St. Nil of Stolobensk and the Danger of Blasphemy in Our Life

Blasphemy is a terrible sin! Every time people joke about sacred objects or actions, lack proper reverence for the saints and all that has to do with the Church, defame clergy or slander them, this is blasphemy. Beware of this great sin! You may tell me, “Vladyka, we are not blasphemers!” That is good! But there are many such among us that are close to blasphemy. Let’s take an example. We’re going to an Orthodox home and we see portraits of family and friends hanging on the walls, and they are clean, and everything is beautiful. But nearby, in the corner, there’s an icon hanging, blackened from dust, from which are hanging some old, faded, and wrinkled flowers. Is this pleasing to God?

There are priests who don’t keep up with the cleaning in the altar and on the altar table well enough—this awesome place where angels look with fear and love. I had one case: I was going around the diocese. I arrived to one city, and the dean told me that one batushka was slovenly and needed to be tightened up. I went to his church, and what did I see? On the altar table—a layer of dust, on the icons—flowers that hadn’t been changed in two years. “Where is your wonderworking icon?” I asked. “Here it is!” “I don’t see it!” I said. “It’s right here, Vladyka!” “No!” I said. “I don’t see the icons behind all the dust accumulating on them.” The priest asked forgiveness and promised to change and to report to me every week how he’s maintaining order in the church.

Here’s another picture. Pascha. You’ve made it through Matins and Liturgy and you’ve sat down to break the fast. You eat a piece of kulich, or cheese Pascha, greet one another with “Christ is Risen!” with a blessed egg, break it, and eat it. Everything is done well and piously. “And where to put the egg shells?” the maid asks. “In the trash, of course!” And this shell, which was only just sprinkled with Holy Water at church, over which “Christ is Risen!” was sung many times—you’re going to throw it into the trash? Is this respect for the sacred things and Church of God?! Remember well that everything relating to the Divine services and to the Church of God is sacred, through which the grace and love of God are poured out upon us, and to which you should therefore relate with great love and piety. I wanted to end with this, but I remembered one more story which I must tell you.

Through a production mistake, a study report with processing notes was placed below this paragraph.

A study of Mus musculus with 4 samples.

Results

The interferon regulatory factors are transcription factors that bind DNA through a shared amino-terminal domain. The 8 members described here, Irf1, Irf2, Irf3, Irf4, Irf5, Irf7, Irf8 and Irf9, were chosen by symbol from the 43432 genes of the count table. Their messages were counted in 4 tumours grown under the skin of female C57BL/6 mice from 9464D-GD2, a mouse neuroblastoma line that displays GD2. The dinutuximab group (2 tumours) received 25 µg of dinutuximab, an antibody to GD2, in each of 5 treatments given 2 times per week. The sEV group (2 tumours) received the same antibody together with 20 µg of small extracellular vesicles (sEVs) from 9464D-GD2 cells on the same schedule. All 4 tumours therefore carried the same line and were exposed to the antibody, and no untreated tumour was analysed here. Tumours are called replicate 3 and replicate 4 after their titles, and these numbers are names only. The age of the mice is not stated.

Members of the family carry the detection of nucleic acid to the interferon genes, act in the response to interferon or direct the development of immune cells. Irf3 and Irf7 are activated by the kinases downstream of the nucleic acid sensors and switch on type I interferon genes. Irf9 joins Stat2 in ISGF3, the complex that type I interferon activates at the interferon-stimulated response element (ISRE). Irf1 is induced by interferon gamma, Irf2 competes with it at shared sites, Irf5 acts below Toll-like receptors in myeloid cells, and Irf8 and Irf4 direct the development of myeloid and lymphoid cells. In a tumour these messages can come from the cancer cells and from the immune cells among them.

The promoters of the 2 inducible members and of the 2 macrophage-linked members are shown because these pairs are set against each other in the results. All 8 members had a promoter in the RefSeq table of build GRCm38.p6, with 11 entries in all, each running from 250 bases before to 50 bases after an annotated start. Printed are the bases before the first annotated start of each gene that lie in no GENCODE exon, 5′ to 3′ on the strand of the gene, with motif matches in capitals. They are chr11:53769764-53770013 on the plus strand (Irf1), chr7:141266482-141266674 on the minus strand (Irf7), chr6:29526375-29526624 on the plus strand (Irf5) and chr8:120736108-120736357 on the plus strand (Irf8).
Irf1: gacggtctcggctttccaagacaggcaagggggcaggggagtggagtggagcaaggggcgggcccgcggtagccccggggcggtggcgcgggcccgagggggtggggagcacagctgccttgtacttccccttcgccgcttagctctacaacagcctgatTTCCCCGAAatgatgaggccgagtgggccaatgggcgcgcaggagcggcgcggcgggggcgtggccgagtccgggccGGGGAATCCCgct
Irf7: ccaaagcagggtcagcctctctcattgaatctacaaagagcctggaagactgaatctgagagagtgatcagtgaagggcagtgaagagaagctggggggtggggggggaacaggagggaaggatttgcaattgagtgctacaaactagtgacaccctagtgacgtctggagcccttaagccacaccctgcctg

It was in the Monastery of St. Nil of Stolobensk on Lake Seliger. The relics of this saint are venerated there, now in a new reliquary, and the previous reliquary with an image of the saint on the cover stand in the church empty. One day a pious woman went to the monastery with her two small children to venerate the holy relics. While the woman was praying in church, her children were running around the garden, picking the ripe mountain ash berries which grew in abundance there. They entered the church, which was empty at that time, where the saint’s previous reliquary stood. They started their game: throwing berries at the image of the saint.

And suddenly, under a clear sky, everyone present in the monastery heard a terrible thunderclap that shook the whole building. The woman, not seeing her children around her, rushed to search for them, in view of such danger, and finally found them lying unconscious by the empty reliquary. The monks gathered there to bring the children back to their senses. When they finally regained consciousness, the mother asked them what happened to them? They openly told how they started playing a game of throwing berries at “grandfather,” and how they suddenly saw that “grandfather” raised himself up and wagged his finger, after which the lightning flashed, the thunder rang out, and after that they didn’t remember. You see how God chastises and admonishes even small, foolish children for disrespecting His saints. Admonish your children and caution them against this.

By the prayers of St. Gregory the Wonderworker, may the Lord send us and our children the gift of pious veneration of our icons and sacred objects. Amen. 

Translated by Jesse Dominick

About the author

The Editor of the Catalog of Good Deeds.